China Ministry defends vitamin C price fixing

Judge David Trager calls the case unprecedented

The Chinese Ministry of Commerce is defending charges filed by a US-based company that it is exempt from global antitrust laws in regard to vitamin C price fixing. Vitamin C price fixing…déjà vu? Not entirely. Unlike the vitamin price fixing cases filed against US, EU and Japanese companies in the 1990's, wherein private entities conspired to raise prices, in this case, the Chinese Ministry believes that it is afforded the same type of protections enjoyed by the Organization of Petroleum Export Countries, i.e., OPEC and oil pricing.

The Chinese vitamin C companies say they were compelled by the Chinese ministry to synchronize export prices along with supply and demand. Where things get complicated, is that the four companies' sales representatives colluded on US soil during a 2004 Las Vegas trade show. As the Wall Street Journal points out in a Nov. 25 article (, the "case could test whether China is subject to global antitrust laws."

In 2001, when the EU and Japanese companies abandoned the vitamin C market, the Chinese inherited a bulk of the vitamin C production. The lawsuit, filed by Animal Science Products Inc., alleges that since then, the Chinese dominated the market and conspired to raise prices resulting in markedly higher prices for food makers, animal feed manufacturers and consumers. Four Chinese companies control 60% of the vitamin C market in the U.S., and the wholesale prices increased from US$2.5 per kilogram in 2001, just over $4/kilo in 2005 to jumped to US$7/kilo in 2008.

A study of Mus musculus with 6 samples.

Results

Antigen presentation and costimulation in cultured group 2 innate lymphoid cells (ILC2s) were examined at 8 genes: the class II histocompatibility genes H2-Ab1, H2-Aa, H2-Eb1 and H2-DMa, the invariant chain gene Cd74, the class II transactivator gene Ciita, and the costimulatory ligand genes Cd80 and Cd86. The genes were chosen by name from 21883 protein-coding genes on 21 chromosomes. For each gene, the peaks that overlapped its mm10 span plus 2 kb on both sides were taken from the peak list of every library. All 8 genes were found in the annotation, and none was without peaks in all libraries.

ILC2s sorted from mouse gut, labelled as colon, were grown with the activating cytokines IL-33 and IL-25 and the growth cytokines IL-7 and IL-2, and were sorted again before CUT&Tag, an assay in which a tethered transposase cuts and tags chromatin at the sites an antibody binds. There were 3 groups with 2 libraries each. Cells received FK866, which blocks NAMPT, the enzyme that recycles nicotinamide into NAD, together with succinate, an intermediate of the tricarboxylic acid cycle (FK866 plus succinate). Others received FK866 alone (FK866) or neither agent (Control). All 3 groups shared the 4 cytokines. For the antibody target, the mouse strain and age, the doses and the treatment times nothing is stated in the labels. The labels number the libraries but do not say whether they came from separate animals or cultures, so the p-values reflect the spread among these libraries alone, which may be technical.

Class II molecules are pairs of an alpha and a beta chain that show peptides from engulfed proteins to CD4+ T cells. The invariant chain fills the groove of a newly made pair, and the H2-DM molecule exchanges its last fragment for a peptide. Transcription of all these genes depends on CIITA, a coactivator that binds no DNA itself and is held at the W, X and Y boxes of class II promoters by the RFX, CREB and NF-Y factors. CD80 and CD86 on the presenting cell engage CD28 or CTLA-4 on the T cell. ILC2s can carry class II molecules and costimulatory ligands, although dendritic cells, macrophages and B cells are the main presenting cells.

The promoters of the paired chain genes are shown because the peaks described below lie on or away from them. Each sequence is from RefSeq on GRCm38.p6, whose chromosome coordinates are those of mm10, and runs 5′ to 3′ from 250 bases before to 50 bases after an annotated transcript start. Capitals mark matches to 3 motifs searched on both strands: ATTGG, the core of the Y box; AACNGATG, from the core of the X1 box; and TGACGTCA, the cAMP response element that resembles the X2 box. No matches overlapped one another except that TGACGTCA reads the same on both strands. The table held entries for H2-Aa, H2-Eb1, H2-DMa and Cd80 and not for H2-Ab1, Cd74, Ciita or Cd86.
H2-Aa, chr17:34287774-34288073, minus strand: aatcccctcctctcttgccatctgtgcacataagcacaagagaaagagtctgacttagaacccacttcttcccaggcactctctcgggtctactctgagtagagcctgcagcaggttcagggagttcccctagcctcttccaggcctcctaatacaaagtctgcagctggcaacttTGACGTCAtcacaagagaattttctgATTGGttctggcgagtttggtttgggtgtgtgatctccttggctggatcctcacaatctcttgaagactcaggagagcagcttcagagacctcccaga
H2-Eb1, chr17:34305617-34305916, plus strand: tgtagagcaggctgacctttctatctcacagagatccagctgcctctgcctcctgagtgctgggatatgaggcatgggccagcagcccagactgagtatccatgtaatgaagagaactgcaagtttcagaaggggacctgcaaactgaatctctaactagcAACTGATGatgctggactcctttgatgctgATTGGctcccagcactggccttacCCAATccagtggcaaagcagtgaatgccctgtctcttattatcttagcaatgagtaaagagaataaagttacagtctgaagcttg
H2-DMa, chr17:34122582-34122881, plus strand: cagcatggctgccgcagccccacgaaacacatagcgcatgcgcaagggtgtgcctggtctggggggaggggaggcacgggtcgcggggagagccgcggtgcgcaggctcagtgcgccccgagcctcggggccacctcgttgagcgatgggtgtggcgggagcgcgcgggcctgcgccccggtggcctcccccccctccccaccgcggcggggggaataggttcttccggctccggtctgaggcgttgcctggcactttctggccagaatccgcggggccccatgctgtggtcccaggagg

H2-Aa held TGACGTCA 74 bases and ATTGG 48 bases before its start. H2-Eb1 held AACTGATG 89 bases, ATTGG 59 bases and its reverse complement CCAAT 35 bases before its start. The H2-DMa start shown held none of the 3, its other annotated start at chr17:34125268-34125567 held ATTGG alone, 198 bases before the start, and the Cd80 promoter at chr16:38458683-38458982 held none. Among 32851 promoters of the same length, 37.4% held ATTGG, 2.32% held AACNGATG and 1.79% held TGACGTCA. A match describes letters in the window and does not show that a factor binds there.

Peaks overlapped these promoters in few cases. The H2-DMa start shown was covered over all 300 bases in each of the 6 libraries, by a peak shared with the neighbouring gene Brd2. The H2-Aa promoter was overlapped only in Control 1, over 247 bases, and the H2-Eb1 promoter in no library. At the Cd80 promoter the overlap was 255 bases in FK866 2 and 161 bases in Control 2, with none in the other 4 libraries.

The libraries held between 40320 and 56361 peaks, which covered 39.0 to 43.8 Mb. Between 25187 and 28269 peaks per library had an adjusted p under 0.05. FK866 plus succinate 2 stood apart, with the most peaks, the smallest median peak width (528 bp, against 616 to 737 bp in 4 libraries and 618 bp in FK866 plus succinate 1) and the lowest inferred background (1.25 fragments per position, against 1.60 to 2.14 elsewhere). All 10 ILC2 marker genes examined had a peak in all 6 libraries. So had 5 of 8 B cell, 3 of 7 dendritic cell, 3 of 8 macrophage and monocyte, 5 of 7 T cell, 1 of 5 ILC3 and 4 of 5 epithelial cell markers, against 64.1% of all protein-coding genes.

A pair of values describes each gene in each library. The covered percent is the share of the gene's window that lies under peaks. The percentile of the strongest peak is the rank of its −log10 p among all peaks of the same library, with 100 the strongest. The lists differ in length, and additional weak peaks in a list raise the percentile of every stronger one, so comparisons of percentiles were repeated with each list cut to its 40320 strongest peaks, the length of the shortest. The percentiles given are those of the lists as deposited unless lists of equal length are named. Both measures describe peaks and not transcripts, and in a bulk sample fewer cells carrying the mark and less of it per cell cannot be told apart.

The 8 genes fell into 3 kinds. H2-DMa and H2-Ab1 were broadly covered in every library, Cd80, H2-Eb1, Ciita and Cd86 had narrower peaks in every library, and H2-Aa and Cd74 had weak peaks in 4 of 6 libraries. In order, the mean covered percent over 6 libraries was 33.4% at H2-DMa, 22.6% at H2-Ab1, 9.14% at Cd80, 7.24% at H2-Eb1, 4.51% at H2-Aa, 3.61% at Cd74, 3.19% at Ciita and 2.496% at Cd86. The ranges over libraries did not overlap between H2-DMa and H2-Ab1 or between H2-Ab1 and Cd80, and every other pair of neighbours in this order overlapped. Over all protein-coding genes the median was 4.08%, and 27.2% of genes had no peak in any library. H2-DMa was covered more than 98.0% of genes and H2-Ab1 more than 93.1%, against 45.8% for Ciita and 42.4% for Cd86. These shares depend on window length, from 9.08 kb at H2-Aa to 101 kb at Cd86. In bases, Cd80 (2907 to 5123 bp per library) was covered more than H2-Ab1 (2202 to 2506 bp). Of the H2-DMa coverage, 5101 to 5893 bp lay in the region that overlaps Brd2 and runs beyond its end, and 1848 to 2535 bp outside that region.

Until this year, some of the companies involved in the suit were state-owned, hence the Ministry's defense platform. This year, for the first time in Chinese business history, the country has enacted its own antitrust laws to restrict monopolies including price fixing, though the laws only address domestic antitrust, not export pricing.

This case is but one of many Chinese price fixing cases. The US steelmaking industry is steeped in its own cases against magnesite, used for steelmaking. In this case, magnesite manufacturers content that they too were acting under government authority when they discussed prices. As Judge Trager said, "unprecedented" is the best word to describe the fallout of this case on the global business world.